At long last, Gaiman’s latest work for grown-ups has been released and is available in Kindle format: Trigger Warning (4.5/5 stars, currently priced at $14.99). From Amazon:
Multiple award winning, #1 New York Times bestselling author Neil Gaiman returns to dazzle, captivate, haunt, and entertain with this third collection of short fiction following Smoke and Mirrors and Fragile Things—which includes a never-before published American Gods story, “Black Dog,” written exclusively for this volume.
In this new anthology, Neil Gaiman pierces the veil of reality to reveal the enigmatic, shadowy world that lies beneath. Trigger Warning includes previously published pieces of short fiction—stories, verse, and a very special Doctor Who story that was written for the fiftieth anniversary of the beloved series in 2013—as well “Black Dog,” a new tale that revisits the world of American Gods, exclusive to this collection.
Trigger Warning explores the masks we all wear and the people we are beneath them to reveal our vulnerabilities and our truest selves. Here is a rich cornucopia of horror and ghosts stories, science fiction and fairy tales, fabulism and poetry that explore the realm of experience and emotion. In Adventure Story—a thematic companion to The Ocean at the End of the Lane—Gaiman ponders death and the way people take their stories with them when they die. His social media experience A Calendar of Tales are short takes inspired by replies to fan tweets about the months of the year—stories of pirates and the March winds, an igloo made of books, and a Mother’s Day card that portends disturbances in the universe. Gaiman offers his own ingenious spin on Sherlock Holmes in his award-nominated mystery tale The Case of Death and Honey. And Click-Clack the Rattlebag explains the creaks and clatter we hear when we’re all alone in the darkness.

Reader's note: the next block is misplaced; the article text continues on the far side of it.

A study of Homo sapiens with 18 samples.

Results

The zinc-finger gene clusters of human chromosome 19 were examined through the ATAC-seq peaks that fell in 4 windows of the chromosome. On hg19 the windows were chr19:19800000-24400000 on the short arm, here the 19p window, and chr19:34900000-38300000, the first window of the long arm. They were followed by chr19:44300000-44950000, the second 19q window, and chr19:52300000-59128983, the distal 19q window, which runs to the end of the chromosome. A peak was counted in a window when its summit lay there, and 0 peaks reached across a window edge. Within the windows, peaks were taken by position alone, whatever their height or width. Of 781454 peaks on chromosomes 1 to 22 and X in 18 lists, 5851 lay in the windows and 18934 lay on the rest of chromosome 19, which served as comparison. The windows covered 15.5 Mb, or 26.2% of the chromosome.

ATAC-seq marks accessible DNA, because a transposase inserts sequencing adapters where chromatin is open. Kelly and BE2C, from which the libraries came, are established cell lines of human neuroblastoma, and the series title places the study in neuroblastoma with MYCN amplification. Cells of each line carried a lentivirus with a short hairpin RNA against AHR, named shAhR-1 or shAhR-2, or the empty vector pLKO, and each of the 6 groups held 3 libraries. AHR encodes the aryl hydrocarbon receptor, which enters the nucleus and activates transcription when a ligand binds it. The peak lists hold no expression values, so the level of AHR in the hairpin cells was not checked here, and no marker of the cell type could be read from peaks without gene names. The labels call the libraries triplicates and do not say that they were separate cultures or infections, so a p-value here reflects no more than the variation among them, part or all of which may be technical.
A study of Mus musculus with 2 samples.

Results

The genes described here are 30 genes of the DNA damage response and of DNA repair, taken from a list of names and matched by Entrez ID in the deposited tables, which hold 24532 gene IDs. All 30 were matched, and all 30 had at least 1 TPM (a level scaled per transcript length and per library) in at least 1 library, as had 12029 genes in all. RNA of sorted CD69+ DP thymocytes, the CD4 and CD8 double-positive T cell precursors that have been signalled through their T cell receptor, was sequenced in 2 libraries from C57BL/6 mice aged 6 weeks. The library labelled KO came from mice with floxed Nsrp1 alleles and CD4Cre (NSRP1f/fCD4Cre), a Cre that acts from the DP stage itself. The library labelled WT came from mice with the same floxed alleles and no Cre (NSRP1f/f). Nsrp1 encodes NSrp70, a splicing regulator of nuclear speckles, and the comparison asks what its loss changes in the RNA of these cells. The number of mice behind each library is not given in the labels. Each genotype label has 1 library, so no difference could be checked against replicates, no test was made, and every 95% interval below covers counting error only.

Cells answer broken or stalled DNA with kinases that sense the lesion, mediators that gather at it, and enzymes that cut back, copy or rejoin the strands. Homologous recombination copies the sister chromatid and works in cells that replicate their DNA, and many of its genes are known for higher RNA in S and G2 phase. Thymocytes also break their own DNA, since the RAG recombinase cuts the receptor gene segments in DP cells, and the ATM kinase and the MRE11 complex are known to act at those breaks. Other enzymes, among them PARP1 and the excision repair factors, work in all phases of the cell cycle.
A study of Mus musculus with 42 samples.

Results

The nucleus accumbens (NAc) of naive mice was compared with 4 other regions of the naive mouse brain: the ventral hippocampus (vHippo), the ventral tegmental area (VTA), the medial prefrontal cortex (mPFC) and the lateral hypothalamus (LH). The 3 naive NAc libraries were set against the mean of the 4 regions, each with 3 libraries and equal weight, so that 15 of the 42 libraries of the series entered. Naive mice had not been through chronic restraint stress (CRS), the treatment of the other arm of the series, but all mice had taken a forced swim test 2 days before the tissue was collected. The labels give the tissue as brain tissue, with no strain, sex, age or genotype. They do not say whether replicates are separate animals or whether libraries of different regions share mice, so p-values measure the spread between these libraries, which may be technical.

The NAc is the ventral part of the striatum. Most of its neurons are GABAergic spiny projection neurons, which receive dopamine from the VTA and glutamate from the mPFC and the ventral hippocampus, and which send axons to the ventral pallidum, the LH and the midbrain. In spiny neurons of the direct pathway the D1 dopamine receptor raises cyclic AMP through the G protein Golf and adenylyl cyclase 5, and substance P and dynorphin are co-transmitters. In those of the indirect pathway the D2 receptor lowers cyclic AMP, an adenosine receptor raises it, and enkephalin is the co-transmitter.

A sophisticated writer whose creative genius is unparalleled, Gaiman entrances with his literary alchemy, transporting us deep into the realm of imagination, where the fantastical becomes real and the everyday incandescent. Full of wonder and terror, surprises and amusements, Trigger Warning is a treasury of delights that engage the mind, stir the heart, and shake the soul from one of the most unique and popular literary artists of our day.
The best stories here, however, are in Gaiman’s own fairly dark and somber territory. Of most interest to Gaiman fans will be the collection’s one original story, “Black Dog,” which features his “American Gods” protagonist Shadow Moon in an engrossing ghost story set in rural England. The story begins with an uncharacteristic cliché — “Outside the pub it was raining cats and dogs” — but then Gaiman unpacks the cliché in shrewd and unexpected ways, involving an old crime, the fearsome dog of the title, and why so many mummified Egyptian cats ended up in Victorian England. “The Truth Is a Cave in the Black Mountains …” is a still-darker tale of greed and treachery involving a dwarf looking to find a horde of gold in a remote Scottish cave; it resonates with the Isle of Skye folklore that Gaiman says inspired it. In a lighter vein, “The Thing About Cassandra” evokes the charm of a good “Twilight Zone” episode — or perhaps more distantly of John Collier — as its narrator, who as a teenager created an imaginary girlfriend to avoid embarrassment for his lack of a real one, finds her somehow appearing in real life years later. The ending is a bit of a trick, but it’s a cool trick.
Trigger Warning: a must-have for Gaiman fans, and a great introduction to Gaiman for those who’ve yet to discover this master storyteller.